Response to intervention (RTI) may sound complicated, but it’s based on a fairly simple idea. Early in the year, your child’s school can start looking at everyone’s skills in reading, writing and math. They can provide targeted teaching—called interventions—to help struggling students catch up. A big part of the RTI process involves closely monitoring student progress. That way the school can see which kids need more academic support.
What is RTI?
If you look inside any general education classroom, chances are good that you’d see different students struggling for different reasons. Some kids may have undiagnosed learning and attention issues.
“The goal is for the school to intervene, or step in, and start helping before anyone falls really far behind.”
Others may be trying to pick up English as a second language. And some students might be shaky on certain skills due to frequent absences or inadequate teaching.
It’s often hard for a teacher to tell right away which students are struggling or why. RTI aims to identify struggling students early on and give them the support they need to be successful in school.
The word intervention is key to understanding what RTI is all about. The goal is for the school to intervene, or step in, and start helping before anyone falls really far behind. RTI isn’t a specific program or type of teaching. It’s a proactive approach to measuring students’ skills and using this data to decide which types of targeted teaching to use.
The RTI process begins with your child’s teacher assessing the skills of everyone in the class. These assessments help the school’s RTI team tell which students need instructional interventions. That’s the term for focusing on specific skills in an effort to improve them.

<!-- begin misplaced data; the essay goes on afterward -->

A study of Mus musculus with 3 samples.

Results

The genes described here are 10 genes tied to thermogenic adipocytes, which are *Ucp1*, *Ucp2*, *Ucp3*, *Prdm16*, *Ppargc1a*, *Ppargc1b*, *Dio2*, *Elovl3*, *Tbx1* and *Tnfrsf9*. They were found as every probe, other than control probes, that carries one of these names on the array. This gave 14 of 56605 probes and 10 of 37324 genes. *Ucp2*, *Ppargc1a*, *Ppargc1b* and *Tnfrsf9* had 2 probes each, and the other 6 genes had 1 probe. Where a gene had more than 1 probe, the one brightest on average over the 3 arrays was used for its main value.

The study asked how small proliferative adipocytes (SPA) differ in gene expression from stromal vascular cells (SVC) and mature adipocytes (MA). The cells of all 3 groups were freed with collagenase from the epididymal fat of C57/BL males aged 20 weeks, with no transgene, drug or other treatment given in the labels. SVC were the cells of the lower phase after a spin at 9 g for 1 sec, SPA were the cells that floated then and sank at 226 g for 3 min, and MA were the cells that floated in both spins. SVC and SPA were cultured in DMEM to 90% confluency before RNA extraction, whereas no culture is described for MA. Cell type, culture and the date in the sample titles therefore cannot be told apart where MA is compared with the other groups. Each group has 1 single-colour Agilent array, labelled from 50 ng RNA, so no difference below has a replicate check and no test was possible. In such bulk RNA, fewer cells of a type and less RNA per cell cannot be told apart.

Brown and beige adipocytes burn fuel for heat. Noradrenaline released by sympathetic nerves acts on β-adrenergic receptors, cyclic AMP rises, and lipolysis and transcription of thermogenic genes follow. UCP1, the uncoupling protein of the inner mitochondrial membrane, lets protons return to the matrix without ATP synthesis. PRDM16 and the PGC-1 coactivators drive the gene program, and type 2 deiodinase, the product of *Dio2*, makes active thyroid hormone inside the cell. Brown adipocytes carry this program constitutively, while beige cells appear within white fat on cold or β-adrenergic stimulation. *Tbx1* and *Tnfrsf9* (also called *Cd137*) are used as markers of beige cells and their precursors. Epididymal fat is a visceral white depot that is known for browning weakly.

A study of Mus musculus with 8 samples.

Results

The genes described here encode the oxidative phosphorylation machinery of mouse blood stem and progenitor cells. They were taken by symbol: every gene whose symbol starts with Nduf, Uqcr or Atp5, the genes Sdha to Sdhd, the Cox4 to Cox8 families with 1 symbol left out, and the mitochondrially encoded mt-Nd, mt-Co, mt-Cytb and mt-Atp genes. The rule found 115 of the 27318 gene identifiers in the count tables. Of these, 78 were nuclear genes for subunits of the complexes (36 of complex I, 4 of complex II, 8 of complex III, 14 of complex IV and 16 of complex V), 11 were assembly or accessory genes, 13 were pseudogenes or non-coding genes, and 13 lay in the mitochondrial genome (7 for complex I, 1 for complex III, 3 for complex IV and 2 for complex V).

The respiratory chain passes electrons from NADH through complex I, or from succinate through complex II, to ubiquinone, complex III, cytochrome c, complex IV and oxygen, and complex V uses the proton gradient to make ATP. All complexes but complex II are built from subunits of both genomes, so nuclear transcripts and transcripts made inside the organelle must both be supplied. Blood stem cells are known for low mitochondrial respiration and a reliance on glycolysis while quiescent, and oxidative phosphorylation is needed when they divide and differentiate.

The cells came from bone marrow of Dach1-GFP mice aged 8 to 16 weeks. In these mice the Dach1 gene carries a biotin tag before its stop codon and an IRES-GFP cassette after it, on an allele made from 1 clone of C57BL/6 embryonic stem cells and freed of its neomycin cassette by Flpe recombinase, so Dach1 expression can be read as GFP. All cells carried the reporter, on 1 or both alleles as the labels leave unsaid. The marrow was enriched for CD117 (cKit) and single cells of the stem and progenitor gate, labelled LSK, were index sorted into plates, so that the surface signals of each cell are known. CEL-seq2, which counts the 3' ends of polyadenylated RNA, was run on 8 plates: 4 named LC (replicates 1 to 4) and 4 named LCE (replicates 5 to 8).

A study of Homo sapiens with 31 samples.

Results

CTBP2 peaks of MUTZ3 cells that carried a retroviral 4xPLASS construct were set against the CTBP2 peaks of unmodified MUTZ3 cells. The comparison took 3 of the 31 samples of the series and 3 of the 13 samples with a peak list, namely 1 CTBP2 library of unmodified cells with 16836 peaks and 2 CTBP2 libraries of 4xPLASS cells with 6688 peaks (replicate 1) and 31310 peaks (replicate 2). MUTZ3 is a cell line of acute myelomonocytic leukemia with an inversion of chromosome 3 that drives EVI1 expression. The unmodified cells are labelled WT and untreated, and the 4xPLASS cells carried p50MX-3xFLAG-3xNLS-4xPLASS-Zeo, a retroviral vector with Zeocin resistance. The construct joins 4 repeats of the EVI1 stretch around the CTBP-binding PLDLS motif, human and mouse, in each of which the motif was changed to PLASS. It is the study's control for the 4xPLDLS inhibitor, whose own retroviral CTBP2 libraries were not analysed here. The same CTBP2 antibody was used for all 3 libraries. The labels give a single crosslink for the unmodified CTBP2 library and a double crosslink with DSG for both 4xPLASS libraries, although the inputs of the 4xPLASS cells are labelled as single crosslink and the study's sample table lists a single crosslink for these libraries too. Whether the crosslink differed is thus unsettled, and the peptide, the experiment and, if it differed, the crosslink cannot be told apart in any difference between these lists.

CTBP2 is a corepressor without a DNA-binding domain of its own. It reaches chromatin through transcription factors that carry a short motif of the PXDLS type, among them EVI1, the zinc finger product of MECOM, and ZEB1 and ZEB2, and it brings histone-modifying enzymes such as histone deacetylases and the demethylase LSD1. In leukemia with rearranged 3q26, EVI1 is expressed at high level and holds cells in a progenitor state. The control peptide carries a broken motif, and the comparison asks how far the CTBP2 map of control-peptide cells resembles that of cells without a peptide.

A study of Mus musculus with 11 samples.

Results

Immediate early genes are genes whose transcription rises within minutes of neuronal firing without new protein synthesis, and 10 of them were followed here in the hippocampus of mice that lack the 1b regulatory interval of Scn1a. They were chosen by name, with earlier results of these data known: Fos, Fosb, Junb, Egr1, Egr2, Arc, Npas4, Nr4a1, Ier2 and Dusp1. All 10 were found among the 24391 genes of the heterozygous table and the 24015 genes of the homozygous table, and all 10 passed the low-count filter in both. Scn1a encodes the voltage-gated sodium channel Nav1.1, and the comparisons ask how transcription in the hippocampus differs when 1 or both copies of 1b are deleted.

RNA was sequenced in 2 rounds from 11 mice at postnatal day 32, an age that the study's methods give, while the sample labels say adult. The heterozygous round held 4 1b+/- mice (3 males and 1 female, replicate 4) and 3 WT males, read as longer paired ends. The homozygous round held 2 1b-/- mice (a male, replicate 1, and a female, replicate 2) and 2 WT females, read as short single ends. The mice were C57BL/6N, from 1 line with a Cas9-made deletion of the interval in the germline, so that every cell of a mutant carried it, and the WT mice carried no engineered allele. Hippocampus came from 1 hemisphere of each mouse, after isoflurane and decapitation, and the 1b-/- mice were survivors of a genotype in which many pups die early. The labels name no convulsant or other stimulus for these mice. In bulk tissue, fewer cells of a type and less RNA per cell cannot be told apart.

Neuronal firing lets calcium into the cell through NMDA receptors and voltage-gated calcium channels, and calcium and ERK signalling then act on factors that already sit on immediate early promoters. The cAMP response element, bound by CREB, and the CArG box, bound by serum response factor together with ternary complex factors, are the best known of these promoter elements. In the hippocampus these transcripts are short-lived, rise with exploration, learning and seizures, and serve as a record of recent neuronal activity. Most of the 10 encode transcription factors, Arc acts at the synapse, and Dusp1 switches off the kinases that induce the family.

Interventions can be part of classroom-wide instruction. The teacher may break students into small groups tailored for different skill levels or learning styles. This is also known as differentiated instruction. Students who don’t make enough progress getting this kind
of help during class may start to work on skills in small groups that meet during enrichment activities like music or art.
As part of the RTI process, schools help struggling students by using teaching interventions that researchers have studied and shown to be effective. Many research-based interventions deal with reading. But there are also some scientifically proven methods of improving writing and math skills. Some schools also use research-based behavior interventions.
Another essential component of RTI is progress monitoring. The school frequently assesses your child’s skills to determine whether an intervention is working.
During an intervention, your child’s teacher or another member of the RTI team uses an assessment tool that research has shown to be an effective way to measure certain skills. This tool is used to assess your child’s skills every week or every other week. That may sound like a lot of testing. But each assessment only takes a few minutes to complete.
For example, let’s say your child’s school is using curriculum-based measurement (CBM) to assess spelling skills. During each test or probe, the teacher asks your child to
spell words that are at the appropriate grade level. In total, your child will only spend a couple minutes writing down these words.
After each assessment, his score is plotted on a graph. This makes it easy for the RTI team to see if he’s improving at the expected rate or if he needs additional support.